In the last few years, a new genre of films has begun to emerge: The found footage genre.
Typically used as a subgenre of horror, it began with “The Blair Witch Project” for its unique way of story presentation, offering a tale about a group of people usually encounter something beyond their control and power and decide to film the whole incident so that others would believe them.
This has led to the creation of many well-received films or box-office hits, such as the “Paranormal Activity” franchise, “Cloverfield,” “Apollo 17” and “The Trollhunter.”
This genre gives me mixed reactions. I don’t want to call it a good way to make a film, but there are upsides.
For one, found footage films, more than any other type of movie, offers up a unique perspective of an event, where the camera is playing an active part in the story. This makes the audience feel like they are apart of the action and gives a greater sense of immersion. When the cameraman is running away from a giant troll, only to look back and see it coming at full force, the fact that are apart of this really begins to sink in.
On top of that, the idea that this a story of doomed souls gives the events just the right amount of dread and excitement. You know something bad will happen to all of these characters, but you don’t know when or how they will meet their demise.
Such is the strength of “The Trollhunter” as a group of teenagers hunt down trolls but have no experience doing so, only slowly learning from their mentor. Because they are inexperienced, death lurks around every corner, and their next breath could be their last. They don’t dwell on death though and continue to film in memory of those that they lost, to finish what they started. This makes the characters more than just a body count and makes them relatable characters.
There is a flaw within the system of found footage films. I will admit, outside of “The Trollhunter,” of the films I’ve previously mentioned, I hate them all.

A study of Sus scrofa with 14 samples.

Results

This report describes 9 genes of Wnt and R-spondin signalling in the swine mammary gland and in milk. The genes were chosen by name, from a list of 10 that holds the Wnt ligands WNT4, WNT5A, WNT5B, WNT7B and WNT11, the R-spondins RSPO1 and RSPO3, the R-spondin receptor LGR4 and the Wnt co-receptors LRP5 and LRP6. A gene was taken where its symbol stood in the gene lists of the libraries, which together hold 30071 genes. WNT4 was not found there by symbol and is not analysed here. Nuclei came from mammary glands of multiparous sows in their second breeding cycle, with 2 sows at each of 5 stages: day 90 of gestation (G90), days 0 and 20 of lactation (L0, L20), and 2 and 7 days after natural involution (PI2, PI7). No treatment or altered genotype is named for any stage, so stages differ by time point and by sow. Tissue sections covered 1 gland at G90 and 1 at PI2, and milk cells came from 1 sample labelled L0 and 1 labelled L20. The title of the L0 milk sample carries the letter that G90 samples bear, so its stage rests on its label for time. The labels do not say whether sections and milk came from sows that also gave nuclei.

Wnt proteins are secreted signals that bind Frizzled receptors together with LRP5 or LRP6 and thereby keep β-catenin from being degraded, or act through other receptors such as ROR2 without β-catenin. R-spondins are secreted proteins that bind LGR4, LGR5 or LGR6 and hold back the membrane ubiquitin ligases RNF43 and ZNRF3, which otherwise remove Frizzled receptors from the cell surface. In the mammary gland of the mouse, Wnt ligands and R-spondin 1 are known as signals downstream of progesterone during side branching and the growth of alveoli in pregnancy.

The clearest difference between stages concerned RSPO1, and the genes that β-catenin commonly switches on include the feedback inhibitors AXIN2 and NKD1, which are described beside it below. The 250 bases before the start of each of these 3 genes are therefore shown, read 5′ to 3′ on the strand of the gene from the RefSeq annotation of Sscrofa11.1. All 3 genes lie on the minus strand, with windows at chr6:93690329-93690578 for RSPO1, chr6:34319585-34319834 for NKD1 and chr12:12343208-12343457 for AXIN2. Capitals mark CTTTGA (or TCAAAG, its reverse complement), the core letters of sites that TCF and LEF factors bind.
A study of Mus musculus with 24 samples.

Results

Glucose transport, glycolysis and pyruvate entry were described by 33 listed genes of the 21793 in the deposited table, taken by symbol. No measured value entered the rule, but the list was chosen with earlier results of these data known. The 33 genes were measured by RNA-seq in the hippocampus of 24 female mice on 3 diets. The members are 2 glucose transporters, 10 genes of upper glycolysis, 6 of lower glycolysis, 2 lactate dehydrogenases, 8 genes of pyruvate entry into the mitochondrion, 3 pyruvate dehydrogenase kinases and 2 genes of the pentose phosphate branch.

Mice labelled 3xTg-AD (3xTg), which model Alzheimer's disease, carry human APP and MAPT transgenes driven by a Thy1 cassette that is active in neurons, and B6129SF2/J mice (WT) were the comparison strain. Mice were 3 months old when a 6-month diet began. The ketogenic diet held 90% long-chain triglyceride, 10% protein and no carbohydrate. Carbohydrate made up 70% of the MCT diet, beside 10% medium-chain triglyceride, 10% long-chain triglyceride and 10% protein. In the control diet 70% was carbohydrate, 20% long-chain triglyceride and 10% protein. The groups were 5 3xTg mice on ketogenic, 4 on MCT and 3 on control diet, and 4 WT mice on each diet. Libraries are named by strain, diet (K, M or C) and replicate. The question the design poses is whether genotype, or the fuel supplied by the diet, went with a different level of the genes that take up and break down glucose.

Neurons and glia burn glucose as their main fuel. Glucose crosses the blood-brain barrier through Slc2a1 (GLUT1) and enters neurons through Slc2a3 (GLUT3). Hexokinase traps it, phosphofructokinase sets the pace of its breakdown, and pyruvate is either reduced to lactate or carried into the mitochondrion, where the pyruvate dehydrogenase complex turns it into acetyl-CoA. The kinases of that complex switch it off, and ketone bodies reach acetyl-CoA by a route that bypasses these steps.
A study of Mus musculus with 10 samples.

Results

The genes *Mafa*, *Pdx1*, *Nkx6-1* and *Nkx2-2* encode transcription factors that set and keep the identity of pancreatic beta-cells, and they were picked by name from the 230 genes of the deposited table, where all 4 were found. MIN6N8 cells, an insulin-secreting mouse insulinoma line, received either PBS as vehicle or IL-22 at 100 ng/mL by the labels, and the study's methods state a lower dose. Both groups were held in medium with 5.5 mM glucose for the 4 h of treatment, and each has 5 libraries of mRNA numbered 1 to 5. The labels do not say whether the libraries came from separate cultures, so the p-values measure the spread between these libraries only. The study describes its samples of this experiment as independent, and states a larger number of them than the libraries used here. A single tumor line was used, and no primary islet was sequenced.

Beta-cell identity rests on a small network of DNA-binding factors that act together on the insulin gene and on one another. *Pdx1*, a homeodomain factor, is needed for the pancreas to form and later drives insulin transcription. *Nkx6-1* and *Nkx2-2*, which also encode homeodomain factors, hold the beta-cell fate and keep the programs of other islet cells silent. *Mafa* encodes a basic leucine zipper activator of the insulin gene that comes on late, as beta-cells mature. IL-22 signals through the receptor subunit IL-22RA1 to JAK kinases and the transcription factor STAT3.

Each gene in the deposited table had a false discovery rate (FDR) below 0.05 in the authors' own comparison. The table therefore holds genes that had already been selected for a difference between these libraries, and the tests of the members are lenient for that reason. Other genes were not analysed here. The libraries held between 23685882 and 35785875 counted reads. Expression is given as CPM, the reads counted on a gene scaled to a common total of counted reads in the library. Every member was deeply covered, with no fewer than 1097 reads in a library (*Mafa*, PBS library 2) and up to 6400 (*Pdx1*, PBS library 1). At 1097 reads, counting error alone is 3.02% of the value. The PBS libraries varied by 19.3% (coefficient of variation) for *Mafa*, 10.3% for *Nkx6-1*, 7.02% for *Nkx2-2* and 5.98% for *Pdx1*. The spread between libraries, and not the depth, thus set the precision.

This is not because they are found footage, but within simple problems of storytelling. The characters in films like “Paranormal Activity” and “Cloverfield” are so unlikable, so unrelatable and so dickish that there is no reason to care about them when they die. Because most of them are assholes to one another, you almost want to see them die just so that you don’t have to deal with them anymore.
In “Cloverfield,” the characters do nothing but moan, whine and complain about their petty problems, like not getting their girlfriend to come to a party or that they are on the verge of breaking up. Complaining about your problems is not a character trait, it is merely annoying and a weak distraction from the plot.
The first rule about making dramatic actions, like a monster attack, carry some weight and mean something is to make the audience care about it. To make it more than just flashy effects and eye candy. The best way to do this is to put your cast of characters in the middle of the action and make the audience care about their struggle.
If the audience does not connect with the characters or does not care about them, then any action scenes will mean nothing. You could have the monster rip the head off the Statue Of Liberty, but if the main character is an idiot who can’t see the obvious then that action will fail to impress.
I feel this is the biggest problem with most found footage films. Their inability to create characters who we want to see survive. Not just serve as another body or gross death, but as our guide through this haunting tale. Most of these films do not seem to understand that, which is why I hate them.
However, there is plenty of potential in the found footage genre. In 2012, “Chronicle” told a slightly found footage story about a group of teens who happened across a meteorite that gave them telekinetic abilities. The rest of the film is about how each of them uses their powers and how one, thanks to a terrible upbringing, intends to use is powers for his own selfish needs. This is heightened by the teens slowly learning about their powers and the magnificent flying sequences as the camera flies through the clouds. This is one of the few sequences in cinema that made me feel like I was flying, like someone strapped a Go-Pro to Superman.
With a combination of visual effects that made you feel apart of this world and characters who face struggles that could happen to anyone, “Chronicle” became one of my favorite films of that year. Not only that, but it gave me hope that the found footage genre had potential to become something incredible and unique to cinema.